I'm making some (RGB) icon for my web-design in Illustrator, to be used afterwards in Photoshop (both CC 2017). After saving it as .eps, it's placed as linked file in the Photoshop document. But when doing that, the colors are slightly off. I've done the following things:
As you can see, after those four things the problem still exists. I'm looking for a solution to this problem.
Thanks in advance!
Just to make sure - when you say color space, you are referring to sRGB/Adobe RGB etc? Because those have to be identical. A lot of people say color space when they just mean RGB color mode. That's not enough.
If you can put a checkmark there, I don't really have an answer, except that "it shouldn't happen". So here are just some lines of further inquiry:
Illustrator color management isn't quite as flexible as Photoshop's. You can't just convert to another profile, to do that you need to set Ai working space and then check "convert when opening". For a cross-app workflow between these two, it's always safer to ensure all color settings and policies are identical to begin with.
Of course, identical color spaces should yield identical colors for the same numbers. That's the whole idea of color management! If that doesn't happen, the reason is that something trips up in the color management chain - the most obvious being that the embedded document profile isn't being read, and a default working space profile substituted instead. A more remote possibility is a broken monitor profile, which may affect display in one app but not another.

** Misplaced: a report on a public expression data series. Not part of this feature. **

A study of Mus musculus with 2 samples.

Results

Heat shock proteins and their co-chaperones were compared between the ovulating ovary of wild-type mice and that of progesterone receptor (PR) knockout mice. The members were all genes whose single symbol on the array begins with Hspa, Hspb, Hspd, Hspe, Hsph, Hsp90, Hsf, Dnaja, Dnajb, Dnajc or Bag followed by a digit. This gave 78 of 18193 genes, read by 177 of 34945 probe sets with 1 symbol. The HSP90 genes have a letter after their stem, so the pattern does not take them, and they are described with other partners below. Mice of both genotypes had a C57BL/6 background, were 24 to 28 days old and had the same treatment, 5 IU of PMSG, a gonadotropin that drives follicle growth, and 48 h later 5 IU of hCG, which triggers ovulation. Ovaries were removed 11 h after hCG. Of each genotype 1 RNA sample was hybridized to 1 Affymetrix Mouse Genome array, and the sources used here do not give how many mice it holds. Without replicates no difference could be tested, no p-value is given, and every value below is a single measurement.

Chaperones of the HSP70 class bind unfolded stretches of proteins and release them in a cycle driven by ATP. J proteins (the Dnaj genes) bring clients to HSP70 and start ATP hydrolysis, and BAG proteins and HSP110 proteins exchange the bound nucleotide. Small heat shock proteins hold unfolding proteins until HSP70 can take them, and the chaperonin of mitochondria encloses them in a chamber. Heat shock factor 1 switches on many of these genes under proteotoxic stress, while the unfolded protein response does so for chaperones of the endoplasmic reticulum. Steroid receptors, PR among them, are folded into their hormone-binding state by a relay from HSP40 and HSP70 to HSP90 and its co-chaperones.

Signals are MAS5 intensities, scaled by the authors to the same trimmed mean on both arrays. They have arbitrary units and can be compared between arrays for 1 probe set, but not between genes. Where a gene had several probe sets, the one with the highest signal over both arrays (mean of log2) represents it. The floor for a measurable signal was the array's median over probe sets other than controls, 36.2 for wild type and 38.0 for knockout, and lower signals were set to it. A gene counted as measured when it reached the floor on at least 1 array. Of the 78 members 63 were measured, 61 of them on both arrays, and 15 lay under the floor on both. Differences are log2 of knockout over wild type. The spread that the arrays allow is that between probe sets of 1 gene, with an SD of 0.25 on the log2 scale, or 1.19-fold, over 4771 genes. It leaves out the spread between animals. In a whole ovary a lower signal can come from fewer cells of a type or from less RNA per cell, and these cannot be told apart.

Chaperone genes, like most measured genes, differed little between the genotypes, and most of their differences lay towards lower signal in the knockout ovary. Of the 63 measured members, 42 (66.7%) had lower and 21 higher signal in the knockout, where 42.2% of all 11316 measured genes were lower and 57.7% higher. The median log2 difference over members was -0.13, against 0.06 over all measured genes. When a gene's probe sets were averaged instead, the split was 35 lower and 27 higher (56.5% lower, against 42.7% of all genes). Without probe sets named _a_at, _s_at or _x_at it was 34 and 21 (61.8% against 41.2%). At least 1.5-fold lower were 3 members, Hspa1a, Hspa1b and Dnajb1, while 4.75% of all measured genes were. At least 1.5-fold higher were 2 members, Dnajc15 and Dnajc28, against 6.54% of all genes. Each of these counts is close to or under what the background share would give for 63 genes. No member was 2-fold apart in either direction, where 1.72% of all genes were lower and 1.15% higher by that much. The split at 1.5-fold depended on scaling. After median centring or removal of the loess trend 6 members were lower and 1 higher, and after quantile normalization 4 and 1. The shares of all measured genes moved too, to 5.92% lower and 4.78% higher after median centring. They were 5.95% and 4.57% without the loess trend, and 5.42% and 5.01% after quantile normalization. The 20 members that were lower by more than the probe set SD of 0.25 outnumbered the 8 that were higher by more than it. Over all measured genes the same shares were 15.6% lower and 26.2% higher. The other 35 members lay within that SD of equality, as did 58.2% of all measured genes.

A smart object document profile doesn't have to be the same as the "child" document's color space. In that case the "child" is displayed as converted into the master document. Unless the "child" has no embedded profile, in which case the master profile is assigned, possibly with a color change as a result.
Concentrate on RGB numbers. There's nothing special about hex - it's just another (and obsolete) notation for the same thing. All numbers are relative to color space, whatever the notation.